Farm Bill Helps Farmers Markets

Just having a Farm Bill as law is a relief to Heather Hymes. The manager of the Lansing City Market says the uncertainty surrounding the legislation left a lot of programs in limbo.

"Just having something that's in-place, law, ready to roll out is great for us," said Hymes. "So we kind of have some stability around those programs."

And now a little more stability comes to the people selling the things in her market. A new incentive, based on Michigan's Double-Up Food Bucks Program, will spread to farmers markets across the country now that the Farm Bill is law. The Great Lakes State has been enjoying it since 2009.

Hymes says it's helped her market bring in more customers.

"There's still kind of a slight mindset that farmers markets and City Markets are for a certain type of person and that it might be more expensive than they think that it is, but really it's not," she said. "We see a lot of traffic with people who might not usually feel welcome at a farmers market or that it's too expensive. They find that they have the money to be able to use on that. So it's fantastic."

Customers eligible for food stamps can have up to $20 of their purchase matched by the market, as long as they buy qualifying, locally-produced fruits and vegetables. It's a great deal for customers, farmers say, plus it puts a little more money in their pockets.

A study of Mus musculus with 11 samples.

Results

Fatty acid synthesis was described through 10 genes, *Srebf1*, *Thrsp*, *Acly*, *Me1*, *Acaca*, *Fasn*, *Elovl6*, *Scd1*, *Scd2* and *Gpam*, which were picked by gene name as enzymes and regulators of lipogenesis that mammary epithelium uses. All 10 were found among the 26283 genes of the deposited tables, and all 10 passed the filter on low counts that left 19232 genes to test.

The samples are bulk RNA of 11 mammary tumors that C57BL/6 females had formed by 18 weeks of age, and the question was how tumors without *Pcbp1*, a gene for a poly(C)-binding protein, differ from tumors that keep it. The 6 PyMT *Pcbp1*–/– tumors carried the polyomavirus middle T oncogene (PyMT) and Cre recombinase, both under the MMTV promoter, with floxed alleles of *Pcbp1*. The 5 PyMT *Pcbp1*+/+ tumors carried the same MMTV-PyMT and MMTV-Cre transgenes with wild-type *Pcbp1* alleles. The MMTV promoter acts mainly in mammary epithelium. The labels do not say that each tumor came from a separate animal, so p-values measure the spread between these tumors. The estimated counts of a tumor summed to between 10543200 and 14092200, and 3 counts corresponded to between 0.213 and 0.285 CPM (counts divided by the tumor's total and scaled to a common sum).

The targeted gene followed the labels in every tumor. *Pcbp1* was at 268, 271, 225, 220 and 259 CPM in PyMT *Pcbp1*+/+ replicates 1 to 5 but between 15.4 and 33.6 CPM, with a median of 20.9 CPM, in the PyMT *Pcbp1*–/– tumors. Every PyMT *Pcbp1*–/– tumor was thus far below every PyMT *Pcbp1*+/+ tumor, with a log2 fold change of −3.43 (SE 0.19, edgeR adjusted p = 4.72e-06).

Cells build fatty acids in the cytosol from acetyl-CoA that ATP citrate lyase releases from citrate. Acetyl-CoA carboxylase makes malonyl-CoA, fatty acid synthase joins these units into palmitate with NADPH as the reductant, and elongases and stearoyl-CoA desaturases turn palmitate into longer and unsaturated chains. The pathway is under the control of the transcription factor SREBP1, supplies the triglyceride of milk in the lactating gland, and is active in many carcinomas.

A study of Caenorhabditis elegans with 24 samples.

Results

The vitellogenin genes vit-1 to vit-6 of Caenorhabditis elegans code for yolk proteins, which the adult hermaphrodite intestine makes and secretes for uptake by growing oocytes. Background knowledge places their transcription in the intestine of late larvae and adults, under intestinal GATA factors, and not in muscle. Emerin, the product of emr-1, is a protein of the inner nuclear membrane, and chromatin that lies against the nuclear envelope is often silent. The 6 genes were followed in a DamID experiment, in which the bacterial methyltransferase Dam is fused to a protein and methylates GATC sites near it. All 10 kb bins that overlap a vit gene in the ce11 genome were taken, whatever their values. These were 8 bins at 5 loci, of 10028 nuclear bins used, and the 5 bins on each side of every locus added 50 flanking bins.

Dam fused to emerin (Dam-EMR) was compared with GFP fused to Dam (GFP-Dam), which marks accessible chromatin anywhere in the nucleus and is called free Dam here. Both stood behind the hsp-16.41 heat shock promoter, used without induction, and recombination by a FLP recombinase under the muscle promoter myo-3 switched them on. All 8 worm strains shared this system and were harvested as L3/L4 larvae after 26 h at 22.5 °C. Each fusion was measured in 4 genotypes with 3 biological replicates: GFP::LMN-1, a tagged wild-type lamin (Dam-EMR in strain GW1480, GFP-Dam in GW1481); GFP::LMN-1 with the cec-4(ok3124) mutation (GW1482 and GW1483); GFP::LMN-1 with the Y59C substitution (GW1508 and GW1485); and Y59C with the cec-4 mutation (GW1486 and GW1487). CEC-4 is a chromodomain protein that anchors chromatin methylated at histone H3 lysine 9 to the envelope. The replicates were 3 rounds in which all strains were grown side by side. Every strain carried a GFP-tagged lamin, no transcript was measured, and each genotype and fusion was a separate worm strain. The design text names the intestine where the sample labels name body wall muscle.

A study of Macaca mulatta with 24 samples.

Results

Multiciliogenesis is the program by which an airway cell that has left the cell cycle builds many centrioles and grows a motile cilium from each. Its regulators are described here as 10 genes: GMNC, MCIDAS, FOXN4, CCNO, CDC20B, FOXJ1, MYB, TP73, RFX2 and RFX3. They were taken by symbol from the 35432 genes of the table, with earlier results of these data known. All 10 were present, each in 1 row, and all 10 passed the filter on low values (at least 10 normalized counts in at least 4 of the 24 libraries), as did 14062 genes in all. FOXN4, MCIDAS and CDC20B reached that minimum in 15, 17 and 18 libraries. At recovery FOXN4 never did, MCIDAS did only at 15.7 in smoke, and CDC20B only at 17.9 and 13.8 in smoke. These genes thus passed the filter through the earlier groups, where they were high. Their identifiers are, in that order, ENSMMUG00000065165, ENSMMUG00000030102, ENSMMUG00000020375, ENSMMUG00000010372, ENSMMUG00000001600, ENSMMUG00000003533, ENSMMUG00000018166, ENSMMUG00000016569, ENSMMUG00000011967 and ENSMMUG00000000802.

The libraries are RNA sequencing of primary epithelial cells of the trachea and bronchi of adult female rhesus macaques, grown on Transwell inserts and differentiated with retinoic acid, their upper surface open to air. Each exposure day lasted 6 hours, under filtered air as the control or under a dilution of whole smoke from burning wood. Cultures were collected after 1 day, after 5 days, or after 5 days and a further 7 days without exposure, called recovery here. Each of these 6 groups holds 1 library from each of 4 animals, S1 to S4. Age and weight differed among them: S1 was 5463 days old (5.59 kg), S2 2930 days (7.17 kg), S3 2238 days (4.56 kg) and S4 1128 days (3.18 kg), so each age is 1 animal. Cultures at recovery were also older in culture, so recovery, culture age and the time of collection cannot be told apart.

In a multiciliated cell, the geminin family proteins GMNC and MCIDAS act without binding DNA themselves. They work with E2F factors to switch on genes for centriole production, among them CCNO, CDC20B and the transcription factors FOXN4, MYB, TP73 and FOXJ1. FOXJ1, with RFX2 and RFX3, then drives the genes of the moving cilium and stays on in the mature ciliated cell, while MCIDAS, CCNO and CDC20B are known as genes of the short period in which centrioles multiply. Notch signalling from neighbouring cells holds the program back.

"It increases our sales because we get paid back from the double-up food bucks program," said Nan Jasinowski, co-owner of Sweet Season's Orchards in Concord. "It really does increase our sales because people want to buy all their fresh produce and get it home and the kids enjoy it and the moms are grateful to be able to have that."

It's a silver lining to the legislation for Lindsey Scalera, a grassroots organizer for Michigan Voices for Good Food Policy.

"There are some good programs that are new and are going to increase access even in this time of cutting," she said. "It's increased both healthy food access for folks who need it and would otherwise be able to get healthy food, as well as increasing income for local farmers. It's a double win."

But Hymes does expect a few small losses. She says cuts to the SNAP benefits -- estimated at more than $8 billion over ten years -- could decrease the number of customers.

"We're expecting to definitely see some sort of decrease in traffic and maybe not in traffic so much but maybe in the dollar amount that people get off their cards," said Hymes. "We'll probably see a little decrease in that with people choosing to buy in bulk, which we don't offer so much."